Each day, you have a choice for how you can spend your time. This means that you can choose to do the training you need to do.
However, what does that look like, exactly?
It means training for the demands of what you want to do. If you want to write, you need to practice writing. If you want to play music, practice your instrument. If you want to run a fast race, you need to run workout.
That part is easy enough. But then there’s a subset of each of these things, and by being more specific in your training, you can help yourself achieve your goals at a faster rate. Training is great, but deliberate and purposeful training is what is needed to reach that next level.
If you want to write, practicing the craft is good. However, what exactly do you want to write? If it’s fiction, don’t use all your time journaling or writing non-fiction. Come up with stories! You need to be honing in on what you want to do, or else you’ll never be quite good enough.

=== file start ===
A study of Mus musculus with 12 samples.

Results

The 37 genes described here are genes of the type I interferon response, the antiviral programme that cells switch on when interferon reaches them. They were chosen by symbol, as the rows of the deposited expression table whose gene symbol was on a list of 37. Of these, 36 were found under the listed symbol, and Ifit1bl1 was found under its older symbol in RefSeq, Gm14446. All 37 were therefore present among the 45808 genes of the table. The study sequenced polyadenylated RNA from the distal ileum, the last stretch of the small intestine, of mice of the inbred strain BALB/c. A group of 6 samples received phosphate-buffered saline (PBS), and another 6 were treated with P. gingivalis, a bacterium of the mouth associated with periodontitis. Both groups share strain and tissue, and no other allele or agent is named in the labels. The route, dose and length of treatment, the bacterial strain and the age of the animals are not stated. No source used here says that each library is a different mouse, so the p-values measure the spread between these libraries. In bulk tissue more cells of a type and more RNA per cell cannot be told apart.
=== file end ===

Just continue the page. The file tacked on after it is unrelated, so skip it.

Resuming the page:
If you want to play music, ask yourself what kind of music you enjoy playing. Then practice that (after the fundamentals, of course). If you want to run a fast race, workouts are great. But do you want to run a fast 400m, 5,000m, or 42,195m race? Each discipline requires different workouts to prepare for the demands of the race.
Practicing every day is great, but you need to know what you’re practicing for, or else you’ll just be the best writer, musician, or runner that can’t do anything specific. Finding your craft is important, but then you have to dig deeper and find that subset that really makes you happy. It doesn’t have to be forever, but finding a subset allows you to create much more specific and actionable goals than just being good at a domain “in general”.
Remember, practicing is good, but practicing for the specific demands of your craft is the key.